Sydney Contemporary‘s September return to Carriage Works saw more than 87 galleries exhibit, with the work of over 300 artists from across Australia and around the world on show. Finally held on ‘annual cycle’, an objective founder Tim Etchells says was “the plan” from the fair’s conception, the booths were curated free from any concept or overall theme; the only mandate being that it was all great art, performance and installation.
Held over five days, Sydney Contemporary generates the highest amount of art sales in the country (about $40 million dollars since the first event was), and is an opportunity for art workers, collectors, buyers and the general public to experience ‘art’ as it is being made right now—with a glass of sparkling in hand.
Art fairs are ultimately marketplaces, meaning that everything on display is for sale; at prices ranging from modest ($400AUD) to conceited (5 million AUD), which was the price tag on Pace Gallery’s giant blue and white DuBuffet sculpture. “Sydney Contemporary is my favourite fair in the world,” says Tim. “I have a real fondness for it. I love the venue, and it is an amazing time of year, that makes the most amazing backdrop for people to see the art.” Fair director Barry Keldoulis doesn’t like to use the word highlights, as “all of the galleries put their best foot forward this year.” Personally, I couldn’t help but note a few.
Ben Quilty’s grotesque paintings of naked beer-drinking Santas (the artist’s visual metaphor “for the way straight white men are behaving in the western world at the moment”) hung across the walls at Tolarno Gallery, surrounding a tall red and orange ‘Christmas tree’ made from thousands of discarded refugee life jackets, which lit up in flashes to spell out SOS in Morse code.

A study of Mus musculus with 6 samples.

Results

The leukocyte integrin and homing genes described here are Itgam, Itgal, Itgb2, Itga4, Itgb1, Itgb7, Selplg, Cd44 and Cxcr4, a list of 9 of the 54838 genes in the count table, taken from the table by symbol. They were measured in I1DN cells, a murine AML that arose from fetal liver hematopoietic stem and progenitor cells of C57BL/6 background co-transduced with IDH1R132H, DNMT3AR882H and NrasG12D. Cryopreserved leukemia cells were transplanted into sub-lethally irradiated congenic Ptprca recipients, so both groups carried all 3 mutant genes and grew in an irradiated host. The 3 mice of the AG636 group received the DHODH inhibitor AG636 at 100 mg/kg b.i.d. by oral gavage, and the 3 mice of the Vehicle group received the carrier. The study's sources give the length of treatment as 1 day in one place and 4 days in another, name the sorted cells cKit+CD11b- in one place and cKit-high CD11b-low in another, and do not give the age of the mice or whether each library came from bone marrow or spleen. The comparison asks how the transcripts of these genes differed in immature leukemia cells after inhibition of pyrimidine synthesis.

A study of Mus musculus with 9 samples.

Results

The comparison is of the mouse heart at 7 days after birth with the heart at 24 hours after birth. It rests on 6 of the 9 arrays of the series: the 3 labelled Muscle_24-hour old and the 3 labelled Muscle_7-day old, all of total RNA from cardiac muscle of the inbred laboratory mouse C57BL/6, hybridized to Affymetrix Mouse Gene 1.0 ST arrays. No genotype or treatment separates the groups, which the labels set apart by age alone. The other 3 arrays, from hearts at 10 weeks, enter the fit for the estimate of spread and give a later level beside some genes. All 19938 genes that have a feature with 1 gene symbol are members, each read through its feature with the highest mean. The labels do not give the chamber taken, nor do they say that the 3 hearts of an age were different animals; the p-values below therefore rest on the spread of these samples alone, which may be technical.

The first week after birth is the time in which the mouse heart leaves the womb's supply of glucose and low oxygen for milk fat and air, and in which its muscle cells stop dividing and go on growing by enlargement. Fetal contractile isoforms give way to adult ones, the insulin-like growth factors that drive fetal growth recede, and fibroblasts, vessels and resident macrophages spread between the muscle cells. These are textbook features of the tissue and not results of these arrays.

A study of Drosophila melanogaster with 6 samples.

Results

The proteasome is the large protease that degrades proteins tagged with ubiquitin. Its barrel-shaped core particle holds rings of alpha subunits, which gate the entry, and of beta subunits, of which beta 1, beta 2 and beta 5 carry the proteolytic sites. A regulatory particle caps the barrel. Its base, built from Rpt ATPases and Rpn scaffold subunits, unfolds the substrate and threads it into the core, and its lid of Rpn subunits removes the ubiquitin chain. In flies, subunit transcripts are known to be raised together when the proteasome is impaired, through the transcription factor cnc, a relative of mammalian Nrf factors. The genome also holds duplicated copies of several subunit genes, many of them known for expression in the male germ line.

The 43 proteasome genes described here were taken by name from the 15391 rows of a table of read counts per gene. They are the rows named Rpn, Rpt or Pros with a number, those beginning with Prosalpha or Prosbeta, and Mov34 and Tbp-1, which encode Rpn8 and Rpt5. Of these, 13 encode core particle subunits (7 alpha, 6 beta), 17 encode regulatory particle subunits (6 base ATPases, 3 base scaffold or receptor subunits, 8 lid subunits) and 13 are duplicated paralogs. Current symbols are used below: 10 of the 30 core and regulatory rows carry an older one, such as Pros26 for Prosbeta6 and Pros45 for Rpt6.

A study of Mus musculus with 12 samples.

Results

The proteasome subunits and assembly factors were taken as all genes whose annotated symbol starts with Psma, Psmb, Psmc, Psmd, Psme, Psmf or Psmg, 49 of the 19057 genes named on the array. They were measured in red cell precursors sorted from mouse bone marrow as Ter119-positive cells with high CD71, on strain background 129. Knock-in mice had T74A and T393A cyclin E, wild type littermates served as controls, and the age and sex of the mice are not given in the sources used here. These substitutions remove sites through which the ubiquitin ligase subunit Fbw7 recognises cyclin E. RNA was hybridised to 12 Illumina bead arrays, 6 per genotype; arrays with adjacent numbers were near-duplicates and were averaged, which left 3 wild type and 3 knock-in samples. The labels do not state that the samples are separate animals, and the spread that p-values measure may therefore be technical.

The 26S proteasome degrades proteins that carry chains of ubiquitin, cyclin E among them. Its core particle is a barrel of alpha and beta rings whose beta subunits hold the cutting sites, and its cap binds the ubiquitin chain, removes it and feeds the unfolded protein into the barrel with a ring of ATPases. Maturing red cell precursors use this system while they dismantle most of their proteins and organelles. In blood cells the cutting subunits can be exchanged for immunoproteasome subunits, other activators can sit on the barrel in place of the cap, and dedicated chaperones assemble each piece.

Installation Contemporary, curated by Nina Miall, showcased a number of site specific installations including The Field by Patricia Piccinini, made from thousands of organ-like sculptures ‘planted’ in a dimly-lit corner of the building, creating “a kind of garden that’s not really a garden.”
“In the past I have just worked on sculptures and now I am interested in making the world,” explains Patricia. “The Field is a kind of atmospheric meditation on a nature that is not quite natural; it is white, it is colourless, but it could also be life-giving.”
The aluminium, neon and mirror works by New Zealand artist Robert Janke had me wishing I was one of the art collectors who were there to buy art, rather than write about it. Two mesmerising neon crosses guarded the fair entry—a work titled KAOKAO, that references traditional tukutuku patterning, hakastance, and signatures on the Waitangi Treaty—and several more works, equally as captivating, accompanied him in his booth with New Zealand Gallery PAULNACHE.
Artist to watch Abdul Abdullah’s work popped up more than once around the fair. A set of embroidered portraits hung beneath two huge works on canvas by Indigenous artist Brook Andrew, and three brightly painted explosions overlaid with smiling emoji faces were the main display in Yavuz Gallery—works about self-perception and the influence that the war on terror had on the way certain demographic cohorts came to be perceived. ‘Tied into a lot of the works here is the connection to the war on terror and how that has overshadowed my experience,’ explains Abdul. ‘I’m an older cusp of a generation of Muslims in the West who have been reframed as the bad guys. Knowing that the perception of me is very different to my actual reality always comes through in my work.”
Something to look out for next year are the Private Collection tours, part of the VIP program, that opened up the famed and undoubtedly-art-filled homes of Wendy Whitely, Tracey Emin, and James Emmett and Peter Wilson. Sydney Contemporary definitely showed up for 2018, and next year promises more yet again.